BREXIT will make it easier to administer justice in the UK because it will no longer be necessary for the country’s highest court to ask Europe to clarify how the law should be interpreted, a Supreme Court justice has claimed.

Lord Reed, who is one of two Scottish judges on the Supreme Court’s 12-strong bench and one of three to dissent in the recent high-profile Brexit case, said that while it is currently “vital” for the court to be able to refer cases to the Court of Justice of the European Union (CJEU) in Luxembourg, “it will be different after withdrawal”.

“This court looks at the cases raising EU points and we can refer them to Luxembourg if we choose to. We’re under a duty to do that if we feel a point isn’t clear and it’s necessary for us to have clarification,” Lord Reed said.


“The White Paper on the Great Repeal Bill sets the date of withdrawal as the date when EU law will generally cease to apply. It would feel that in general there would be no value in making CJEU references afterwards.”

While the Government has indicated that it will convert all existing EU law into UK law for a transitional period following Brexit, Lord Reed noted that “our laws in future will be made by Parliament”.

“They will be made by legislators who have been elected in the UK. Constitutionally it’s a very different situation,” he said.

“It means that the laws have been made according to what the Government thinks will be in the best interests of the UK.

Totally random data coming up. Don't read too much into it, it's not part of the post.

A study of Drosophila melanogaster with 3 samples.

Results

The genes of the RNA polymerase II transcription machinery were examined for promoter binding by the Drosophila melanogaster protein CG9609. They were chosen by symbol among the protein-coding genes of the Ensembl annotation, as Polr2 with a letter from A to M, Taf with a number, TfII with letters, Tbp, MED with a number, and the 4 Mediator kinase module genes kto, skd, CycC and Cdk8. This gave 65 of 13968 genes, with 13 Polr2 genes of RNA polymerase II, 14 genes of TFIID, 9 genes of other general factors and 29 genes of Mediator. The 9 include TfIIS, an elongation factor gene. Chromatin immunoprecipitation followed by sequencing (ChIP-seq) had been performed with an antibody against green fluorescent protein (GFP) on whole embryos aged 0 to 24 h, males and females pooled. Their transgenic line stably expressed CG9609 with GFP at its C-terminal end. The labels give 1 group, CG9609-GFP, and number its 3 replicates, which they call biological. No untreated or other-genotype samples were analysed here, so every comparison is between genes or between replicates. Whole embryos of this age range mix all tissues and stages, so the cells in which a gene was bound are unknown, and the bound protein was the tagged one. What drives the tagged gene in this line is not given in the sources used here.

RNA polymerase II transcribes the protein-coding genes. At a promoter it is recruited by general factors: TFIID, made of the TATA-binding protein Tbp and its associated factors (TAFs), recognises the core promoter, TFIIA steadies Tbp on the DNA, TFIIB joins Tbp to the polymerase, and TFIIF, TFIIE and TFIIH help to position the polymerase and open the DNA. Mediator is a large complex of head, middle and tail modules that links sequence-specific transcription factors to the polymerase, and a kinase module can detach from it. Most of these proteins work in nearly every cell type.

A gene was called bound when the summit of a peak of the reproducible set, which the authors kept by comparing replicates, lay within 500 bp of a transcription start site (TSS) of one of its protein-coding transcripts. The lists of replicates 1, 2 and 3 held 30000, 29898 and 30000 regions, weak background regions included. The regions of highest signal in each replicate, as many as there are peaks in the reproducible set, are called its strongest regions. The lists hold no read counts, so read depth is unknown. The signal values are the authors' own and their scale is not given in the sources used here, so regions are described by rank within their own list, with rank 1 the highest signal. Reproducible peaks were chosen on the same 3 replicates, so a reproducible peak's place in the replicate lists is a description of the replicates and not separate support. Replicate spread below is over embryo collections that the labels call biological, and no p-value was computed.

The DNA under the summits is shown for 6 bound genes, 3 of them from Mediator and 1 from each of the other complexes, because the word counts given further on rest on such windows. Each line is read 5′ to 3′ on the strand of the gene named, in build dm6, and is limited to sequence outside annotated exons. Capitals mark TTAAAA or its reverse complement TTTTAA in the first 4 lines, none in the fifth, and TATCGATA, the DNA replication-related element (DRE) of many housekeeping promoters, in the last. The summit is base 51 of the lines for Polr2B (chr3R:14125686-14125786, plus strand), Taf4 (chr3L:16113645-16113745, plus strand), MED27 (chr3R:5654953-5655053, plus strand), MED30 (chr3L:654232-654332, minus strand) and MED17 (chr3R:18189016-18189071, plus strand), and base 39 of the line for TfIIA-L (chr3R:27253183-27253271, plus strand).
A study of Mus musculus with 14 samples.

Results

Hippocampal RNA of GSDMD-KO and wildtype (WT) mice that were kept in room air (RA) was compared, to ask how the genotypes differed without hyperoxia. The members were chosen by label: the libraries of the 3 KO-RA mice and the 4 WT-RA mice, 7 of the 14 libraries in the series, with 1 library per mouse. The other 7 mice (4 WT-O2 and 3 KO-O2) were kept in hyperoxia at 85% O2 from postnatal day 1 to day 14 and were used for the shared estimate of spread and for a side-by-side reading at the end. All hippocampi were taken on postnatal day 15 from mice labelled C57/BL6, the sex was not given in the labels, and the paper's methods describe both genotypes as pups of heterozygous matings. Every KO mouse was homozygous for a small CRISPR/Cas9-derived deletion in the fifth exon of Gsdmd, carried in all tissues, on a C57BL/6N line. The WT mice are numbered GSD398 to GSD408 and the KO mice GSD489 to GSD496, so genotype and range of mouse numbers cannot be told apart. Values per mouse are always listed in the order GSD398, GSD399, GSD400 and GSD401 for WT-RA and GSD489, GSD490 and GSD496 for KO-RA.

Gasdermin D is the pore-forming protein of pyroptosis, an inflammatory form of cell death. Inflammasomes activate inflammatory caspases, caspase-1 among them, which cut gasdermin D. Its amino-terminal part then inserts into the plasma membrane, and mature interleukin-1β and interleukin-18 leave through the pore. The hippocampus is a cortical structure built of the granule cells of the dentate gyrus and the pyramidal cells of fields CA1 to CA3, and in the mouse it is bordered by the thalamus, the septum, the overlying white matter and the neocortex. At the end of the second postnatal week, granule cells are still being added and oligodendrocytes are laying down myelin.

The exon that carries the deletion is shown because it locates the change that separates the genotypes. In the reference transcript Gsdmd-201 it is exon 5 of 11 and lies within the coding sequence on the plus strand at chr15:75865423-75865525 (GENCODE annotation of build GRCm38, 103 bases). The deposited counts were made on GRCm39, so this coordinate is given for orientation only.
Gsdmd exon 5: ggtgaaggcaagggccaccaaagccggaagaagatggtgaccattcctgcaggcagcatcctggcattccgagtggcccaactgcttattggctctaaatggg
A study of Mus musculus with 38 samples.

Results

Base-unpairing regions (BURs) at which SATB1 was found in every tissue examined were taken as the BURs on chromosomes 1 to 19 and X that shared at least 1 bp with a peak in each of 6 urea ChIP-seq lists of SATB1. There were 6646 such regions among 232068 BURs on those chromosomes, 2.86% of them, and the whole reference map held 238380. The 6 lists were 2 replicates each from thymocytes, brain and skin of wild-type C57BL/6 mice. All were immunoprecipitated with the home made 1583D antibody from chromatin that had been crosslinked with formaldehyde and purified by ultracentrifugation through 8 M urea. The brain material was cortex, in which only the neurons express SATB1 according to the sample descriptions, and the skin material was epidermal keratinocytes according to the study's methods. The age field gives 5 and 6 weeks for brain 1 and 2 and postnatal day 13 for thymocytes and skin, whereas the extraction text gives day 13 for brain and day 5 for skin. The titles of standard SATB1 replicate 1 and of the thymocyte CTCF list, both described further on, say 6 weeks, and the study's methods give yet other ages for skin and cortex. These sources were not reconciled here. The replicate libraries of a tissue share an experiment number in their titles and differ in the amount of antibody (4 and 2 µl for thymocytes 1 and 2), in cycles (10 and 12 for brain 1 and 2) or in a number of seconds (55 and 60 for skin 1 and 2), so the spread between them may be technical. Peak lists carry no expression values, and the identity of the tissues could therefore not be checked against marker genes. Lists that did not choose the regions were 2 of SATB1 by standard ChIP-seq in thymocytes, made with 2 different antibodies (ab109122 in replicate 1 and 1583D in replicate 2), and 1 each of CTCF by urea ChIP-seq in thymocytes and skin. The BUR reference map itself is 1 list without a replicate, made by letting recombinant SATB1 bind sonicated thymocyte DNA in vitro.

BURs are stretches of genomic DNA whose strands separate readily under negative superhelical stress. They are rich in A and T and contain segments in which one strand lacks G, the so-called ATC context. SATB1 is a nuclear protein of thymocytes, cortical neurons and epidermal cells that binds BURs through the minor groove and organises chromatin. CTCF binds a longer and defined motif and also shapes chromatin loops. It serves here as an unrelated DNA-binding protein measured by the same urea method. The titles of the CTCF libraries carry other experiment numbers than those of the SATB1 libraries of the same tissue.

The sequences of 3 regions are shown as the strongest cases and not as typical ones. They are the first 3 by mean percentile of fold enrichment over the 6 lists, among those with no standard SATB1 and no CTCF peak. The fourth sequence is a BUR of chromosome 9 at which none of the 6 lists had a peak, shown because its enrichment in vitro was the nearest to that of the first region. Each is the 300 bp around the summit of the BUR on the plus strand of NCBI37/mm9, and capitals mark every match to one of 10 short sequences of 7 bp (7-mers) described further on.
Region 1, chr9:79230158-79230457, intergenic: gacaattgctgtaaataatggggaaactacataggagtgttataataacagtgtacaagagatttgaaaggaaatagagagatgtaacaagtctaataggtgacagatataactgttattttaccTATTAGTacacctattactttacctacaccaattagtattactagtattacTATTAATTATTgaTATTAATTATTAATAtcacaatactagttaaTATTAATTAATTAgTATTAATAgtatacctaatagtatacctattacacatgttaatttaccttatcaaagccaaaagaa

“If anything a judge’s job may become somewhat simpler. EU law inevitably pervades a great many areas of the law and it requires different skills from judging domestic legislation. It adds to the difficulty of our job.”

Lord Reed made his comments ahead of the Supreme Court’s June visit to Edinburgh, when he, Supreme Court president Lord Neuberger, fellow Scottish justice Lord Hodge and the court’s only female member, Lady Hale, will preside over three cases that were originally heard in Scotland’s appeal court, the Inner House of the Court of Session.

While he said the question of how cases would be appealed should Scotland ever become an independent country was “too political a question for me to comment on”, Lord Reed did note that it is “important to have layers of appeal”.

Currently the Supreme Court serves as the court of final appeal for all parts of the UK, but it would cease to have jurisdiction over Scotland in the event of independence.

At the time of the last independence referendum the SNP said the Inner House of the Court of Session would become Scotland’s Supreme Court, but it was unclear how this would work in practice or whether parties would still be able to seek to appeal an appeal decision, as is currently the case.

“The current system does enable most of the cases to receive a greater level of attention than they might otherwise receive,” Lord Reed said.

He added that due to the Supreme Court receiving a far smaller number of cases than the Inner House each year it is able to “look at these cases with much more care and trouble”.